By Joel Sams
Senior News Writer
Recent disturbances in Syria have highlighted tensions between the United States and Russia, raising questions about the possibility for Asbury students to continue their traditional involvement in the Olympic Games in 2014.
Relations between Russia and the United States remain strained, but Asbury’s in- volvement in the 2014 Winter Olympics will most likely not be affected, according to Dr. Jim Owens, Dean of the School for Communication Arts.
“I don’t see a huge problem at this moment,” Owens said. “That could change if the U.S. [and Russia] get into a direct war with each other, which I doubt would happen. I think it would take an awful lot to make the U.S. back out of the Olympics.”
The Associated Press reported on Aug. 9 that President Barack Obama will not sup- port a boycott of the 2014 Winter Olympics in Sochi.
“Answering questions Friday at a White House news conference, Obama said the United States was reassessing its relationship with Moscow but that U.S. athletes should not by penalized by the nation’s differences,” the AP said.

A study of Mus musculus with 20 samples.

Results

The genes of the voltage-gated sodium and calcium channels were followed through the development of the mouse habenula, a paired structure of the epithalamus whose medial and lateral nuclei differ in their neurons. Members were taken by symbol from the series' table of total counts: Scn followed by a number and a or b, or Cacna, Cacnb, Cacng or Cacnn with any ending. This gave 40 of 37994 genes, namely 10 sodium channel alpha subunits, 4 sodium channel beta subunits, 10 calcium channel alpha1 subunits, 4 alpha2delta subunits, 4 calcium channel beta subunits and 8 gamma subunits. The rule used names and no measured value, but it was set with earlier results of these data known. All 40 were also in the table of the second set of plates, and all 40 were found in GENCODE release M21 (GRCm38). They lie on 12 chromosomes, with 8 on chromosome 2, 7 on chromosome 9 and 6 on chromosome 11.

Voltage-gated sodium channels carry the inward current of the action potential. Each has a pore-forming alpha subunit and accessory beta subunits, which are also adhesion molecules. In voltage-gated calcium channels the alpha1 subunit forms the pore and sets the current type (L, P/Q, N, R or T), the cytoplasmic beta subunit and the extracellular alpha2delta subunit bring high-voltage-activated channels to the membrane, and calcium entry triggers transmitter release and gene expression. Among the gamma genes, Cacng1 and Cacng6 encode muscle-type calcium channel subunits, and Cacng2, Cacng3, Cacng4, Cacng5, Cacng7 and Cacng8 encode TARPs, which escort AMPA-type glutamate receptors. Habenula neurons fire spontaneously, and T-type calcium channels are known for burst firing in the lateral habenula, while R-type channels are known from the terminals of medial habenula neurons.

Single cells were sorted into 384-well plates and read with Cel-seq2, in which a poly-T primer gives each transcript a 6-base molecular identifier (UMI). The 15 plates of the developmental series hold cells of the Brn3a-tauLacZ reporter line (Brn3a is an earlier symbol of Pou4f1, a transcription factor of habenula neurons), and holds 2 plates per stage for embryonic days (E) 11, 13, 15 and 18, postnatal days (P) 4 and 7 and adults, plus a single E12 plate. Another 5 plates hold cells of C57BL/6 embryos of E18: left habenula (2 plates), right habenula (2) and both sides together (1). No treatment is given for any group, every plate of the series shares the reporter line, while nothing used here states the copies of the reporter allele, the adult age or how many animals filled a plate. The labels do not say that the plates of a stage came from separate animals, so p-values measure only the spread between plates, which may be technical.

National differences remain, however. Times magazine quotes Sergey Kislyak, Russian ambassador to the U.S., as saying, “I’ve been listening to the discourse of relations between Russia and the United States going back to the Cold War. I’m concerned that they’re not in good shape. I’m concerned where they’re going. But I don’t think they’re going back to the Cold War, yet.”
The AP says that causes of the tension include “Moscow’s decision to grant tempo- rary asylum to National Security Agency leaker Edward Snowden,” new Russian legis- lation restricting “gay rights activism,” and Russia’s support of Bashar Assad in Syria.
Differences over Syria are a factor in the failure to “reset” U.S. and Russian relations, according to Peter Baker, reporting for the New York Times. Baker says that the real problem is a difference of worldview.
“Where Mr. Obama feels compelled to take action to curb the use of unconventional weapons, Mr. Putin sees American imperialism at work again,” Baker said.
Despite national differences, the Olympics can provide a model for competition without violence, according to Scott Blackmun, chief executive officer of the U.S. Olympic Committee.
“The Games bring people together,” Blackmun told the AP. “They unite the world and break down barriers. The Games demonstrate how it is possible to compete fiercely but respectfully.”
According to Owens, the Olympic Games are an ancient model of non-violence.
“The Olympics were created as an alternative to war in ancient Greece,” he said. “It was meant to keep people from going to war—to allow participants to ‘battle’ in a safe way.”